There are a lot of chickens living in the backyards of city houses in Colorado. A lot more people have been considering this adventure with the current high cost of eggs at the grocery store. We have kept around 10 chickens for almost 3 years.

1. The Initial Setup is Expensive

The little baby chicks are so cute. Sure, a little baby chick is only $4 on average, but there's a lot more to it. The prices listed here are from the Tractor Supply website. Chicks need a heat lamp($12.99), wood shavings($6.79),  something big and secure to put them in that won't melt from the heat lamp($0-$100), starter feed($26.99), a feeder dish($6.99), small water jar($8) and electrolytes($2.99). Let's say you pick out 6 little fluffy butts to get started with. This setup will be what you use until they are about 6 weeks old. Assuming you have an old trough or something to put them in, your initial setup will be around $100.

Once they are big enough to move outside to a coup and the weather is warm enough. The setup changes. Now you need a secure coup($300), wood shavings for laying boxes($6.79), sand or similar for ground($20), a much larger feeder($10), and a large waterer that has the ability to keep from freezing during the winter($53). You may need to prevent predators from getting to your ladies with chicken wire fencing. Assuming you will need to buy one of the cheapest coup kits you can buy the cost of your permanent chicken setup will be around $400.

I speak from experience when I say that cheap coup setups don't last forever. We are 3 years into ours and it's getting pretty flimsy.


2. They are Not Free to Feed

The options are endless for what you can feed your chickens. Cracked corn, the cheapest feed in a bag, table scraps, organic soy/corn-free feed, homemade feed, etc.

An average bag of chicken feed will last you a month with 6 chickens and costs $13.49.

3. Your Chickens Will Get Attacked/Killed by Something

There are so many predators that want your chickens. Owls, foxes, raccoons, hawks, dogs, and skunks seem to be the most common backyard chicken predators in Colorado. Owning chickens is playing a lot of defense.

I shared a video a while back of several owls waiting to attack some chickens.

My friend Jillian who lives in Fort Collins said "I loved having backyard chickens more than I expected to. That is until they all got murdered by raccoons or hawks."

4. Chickens Only Have So Many Eggs to Lay, Then What?

When chickens first start laying eggs you will have more eggs than you know what to do with. Learn how to make quiche! Turns out chickens only have a certain amount of eggs to lay in their lifetime. It averages about 600 eggs according to Backyard Poultry. Depending on the breed of chicken they could lay 150 eggs a year or 300.

So, that means some chickens are basically done laying eggs around age 2. Most chickens live between 5 and 10 years. That could be a long time to have a free-loading chicken. Some people butcher them when they are done laying. Many do not.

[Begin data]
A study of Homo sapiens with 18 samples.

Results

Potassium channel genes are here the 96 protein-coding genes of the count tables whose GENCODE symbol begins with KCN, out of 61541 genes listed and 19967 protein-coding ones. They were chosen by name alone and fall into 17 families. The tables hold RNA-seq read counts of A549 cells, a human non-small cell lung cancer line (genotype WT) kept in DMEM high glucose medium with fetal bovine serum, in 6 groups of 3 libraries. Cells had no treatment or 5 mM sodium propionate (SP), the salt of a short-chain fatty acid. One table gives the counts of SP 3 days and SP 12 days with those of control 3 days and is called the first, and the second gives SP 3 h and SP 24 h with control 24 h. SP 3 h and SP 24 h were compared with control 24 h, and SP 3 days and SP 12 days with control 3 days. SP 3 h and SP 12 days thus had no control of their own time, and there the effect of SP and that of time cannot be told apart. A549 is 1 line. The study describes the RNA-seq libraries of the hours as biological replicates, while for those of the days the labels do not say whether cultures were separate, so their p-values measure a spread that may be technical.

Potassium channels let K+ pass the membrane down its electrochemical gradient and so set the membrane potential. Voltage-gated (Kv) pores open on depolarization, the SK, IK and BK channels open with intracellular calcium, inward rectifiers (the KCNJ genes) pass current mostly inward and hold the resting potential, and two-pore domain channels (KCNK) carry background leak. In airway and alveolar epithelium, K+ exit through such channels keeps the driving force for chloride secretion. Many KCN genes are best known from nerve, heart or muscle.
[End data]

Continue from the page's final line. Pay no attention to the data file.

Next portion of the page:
5. Eggs Do Not Always Come Out Clean

Chickens have one hole, called a vent. They poop and lay eggs out of this one hole. Most of the time, the egg comes out clean and falls nicely onto a soft pile of bedding. Sometimes the egg comes out with poop or blood on it and lands in a hard-to-reach part of the coup.

Chicken eggs can sit at room temperature for several weeks if you do not wash them because they have a cool protective coating called a bloom. Once you wash them, washing the bloom off, they need to go in the fridge.

The dirty/poop smear eggs really bother a lot of people, even though it's very easy to wash them. Washing and refrigerating eggs seem to mostly be a United States thing.


6. Winter Requires Extra Care and They Don't Lay Many Eggs

Chickens need fresh water at all times. Water freezes. Freezing cold weather presents all kinds of extra work to keep chickens healthy. Chickens can also get frostbite, which can turn their comb(the thing on top of their head) black. Ouch!

The other problem with winter is a lack of daylight hours, which means fewer to no eggs. Their bodies go into "rest" mode when there is less daylight. Yes, chickens barely produce eggs for most of the winter. I guess they didn't get the memo that store-bought eggs went up in price at about the same time.

7. Chickens Can Get Mites, Bumblefoot, Prolapse and Much More

Are you a vet? I'm not, but I had to learn real quick how to do basic care for my chickens. Just catching a chicken to tend to the most basic cut is not easy. There are lots of pretty common things that can happen to chickens that will require extra attention and care. Oftentimes you have to quarantine a chicken to let it heal. Dog crates work well for that.

Joining backyard chicken groups on Facebook has been a super valuable resource.

Honestly, I love having chickens in my backyard, but I don't think it's been cost-efficient for us yet. Not when I can get 2 dozen organic cage-free eggs at Costco for $8.